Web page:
The story was shocking and tragic. A Dodger and Giant fan get into a verbal confrontation. One pulls out a weapon, and the absurd scrap results in death. That’s what happened in July of 1938 when Giants fans, celebrating a win over the Dodgers at Ebbets Field, taunted Dodger fan Robert Joyce at a Brooklyn bar. Joyce left the bar to get a gun, and returned to fatally shoot Giants fan Frank Krug. No one ever learned. A Dodger and Giant fan got into a confrontation in 2003 outside Dodger Stadium. The Dodger fan went to his vehicle, grabbed a gun, and fired a shot that killed the Giants fan. Santa Cruz paramedic Bryan Stow was at Dodger Stadium on opening day in 2011 to watch his Giants play the Dodgers. Giants fans said later there was a bad vibe that night at the ballpark, and it culminated in Stow being severely injured in a parking lot assault after the game, according to police. That night, 89 people were arrested at Dodger Stadium for alcohol-related offenses. Just recently, on Sept. 25, a man with a Giants hat and a man with a Dodger jersey were enough to spark some verbal jabbing just blocks from AT&T Park, where the clubs had played that night. The stories conflict, but the Dodger fan ended up dead after being stabbed.

Incidents of fans spurred to do stupid things because they are caught up in the rivalry are plentiful. In 1971, a Dodgers-Giants game at Dodger Stadium was interrupted when fans threw cushions, a smoke bomb and a wine bottle on the field. When the Dodgers and Giants players almost came to blows at a game in 1987 at Candlestick Park, Giants fans were motivated enough to start throwing beer into the Dodger dugout. Dodgers players had to be restrained from climbing over the railing to get to the unruly spectators. A year later, the Giants and Dodgers played a doubleheader at Candlestick Park, where the final score read: 100 fans ejected, 18 arrested.

It’s unlikely that any of the perpetrators in the above events got up that morning wondering what kind of calamity they could cause today. Yet, there they were by night’s end, involved in altercations with strangers. In three of the four assault-type cases cited, weapons were used. Whatever happened to the old-fashioned fist-fight, a common occurrence, by the way, at Candlestick Park between fans of both teams? The other obvious ingredient is alcohol. Still, even if you’ve been drinking and carrying a weapon, there’s still needs to be something that instigates the violence. If you played word association with Giants-Dodgers, you’d likely get something like “intensity” and “confrontation.” That, as we know, has been part of the rivalry forever. My only guess is that these clashes are processed by those involved as sanitized violence, where you are fighting an enemy who, like a gang member, is wearing some colors that are invading your turf. These violent episodes remind me of road-rage incidents, where people who might not be thugs for a living suddenly turn into foaming-at-the mouth maniacs.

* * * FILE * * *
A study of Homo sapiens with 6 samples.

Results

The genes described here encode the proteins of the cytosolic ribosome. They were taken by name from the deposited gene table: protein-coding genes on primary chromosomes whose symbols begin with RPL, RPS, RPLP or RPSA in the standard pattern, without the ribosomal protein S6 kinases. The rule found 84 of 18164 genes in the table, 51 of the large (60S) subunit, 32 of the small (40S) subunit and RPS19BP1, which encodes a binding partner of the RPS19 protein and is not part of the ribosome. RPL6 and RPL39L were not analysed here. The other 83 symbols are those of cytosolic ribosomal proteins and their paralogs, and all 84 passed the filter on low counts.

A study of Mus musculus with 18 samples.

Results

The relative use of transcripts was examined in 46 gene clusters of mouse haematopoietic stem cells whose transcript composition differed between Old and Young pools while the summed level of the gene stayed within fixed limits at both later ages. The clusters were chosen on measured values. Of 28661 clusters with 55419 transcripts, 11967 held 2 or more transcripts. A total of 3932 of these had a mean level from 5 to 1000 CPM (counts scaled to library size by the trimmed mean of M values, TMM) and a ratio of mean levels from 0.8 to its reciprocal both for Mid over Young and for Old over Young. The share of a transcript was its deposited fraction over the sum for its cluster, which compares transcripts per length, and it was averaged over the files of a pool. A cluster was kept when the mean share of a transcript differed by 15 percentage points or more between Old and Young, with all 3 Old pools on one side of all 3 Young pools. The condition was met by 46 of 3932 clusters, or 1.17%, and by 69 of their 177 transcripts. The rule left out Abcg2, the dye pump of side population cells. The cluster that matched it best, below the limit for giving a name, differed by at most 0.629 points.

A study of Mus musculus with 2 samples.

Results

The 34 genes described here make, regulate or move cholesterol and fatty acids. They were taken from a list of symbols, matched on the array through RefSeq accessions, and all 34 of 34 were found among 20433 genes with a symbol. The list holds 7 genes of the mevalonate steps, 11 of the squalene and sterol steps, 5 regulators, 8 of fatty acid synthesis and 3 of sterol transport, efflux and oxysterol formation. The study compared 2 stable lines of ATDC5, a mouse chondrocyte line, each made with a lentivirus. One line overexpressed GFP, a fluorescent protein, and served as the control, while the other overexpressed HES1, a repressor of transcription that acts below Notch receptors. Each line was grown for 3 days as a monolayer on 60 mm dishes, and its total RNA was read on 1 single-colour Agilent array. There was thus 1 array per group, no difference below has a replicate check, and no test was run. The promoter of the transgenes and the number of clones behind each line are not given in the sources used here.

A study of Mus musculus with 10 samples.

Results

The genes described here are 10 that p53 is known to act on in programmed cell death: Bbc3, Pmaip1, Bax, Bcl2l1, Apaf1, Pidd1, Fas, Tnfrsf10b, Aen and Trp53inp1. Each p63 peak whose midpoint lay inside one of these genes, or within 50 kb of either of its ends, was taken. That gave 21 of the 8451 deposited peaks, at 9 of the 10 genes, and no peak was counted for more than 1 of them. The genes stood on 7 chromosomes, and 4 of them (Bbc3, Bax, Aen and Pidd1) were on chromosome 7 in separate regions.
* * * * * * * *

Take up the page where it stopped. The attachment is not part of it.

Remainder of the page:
Solutions? The crowds have been dramatically calmer at comfortable AT&T Park, and security was especially charged up for the Dodgers series with security personnel using the wand for front and back checks of every spectator. I understand that security has been beefed up at Dodger Stadium since the Stow attack. I don’t know what else the clubs could do. This latest tragic death happened near the ballpark, but it could have happened anywhere in San Francisco. It really comes down to individuals being smart about the circumstances. I went to the tense Giants-Padres final game in 2010 with two friends who wore San Diego jerseys, one having the name of Giant enemy Mat Latos on the back. Giants fans would come up to us in taunting mode, but we all;would disarm them with our joking and laughter, and they would quickly become our friends. This rivalry can put people on the edge. But how many more violent episodes will it take to get the message across. When will they ever learn?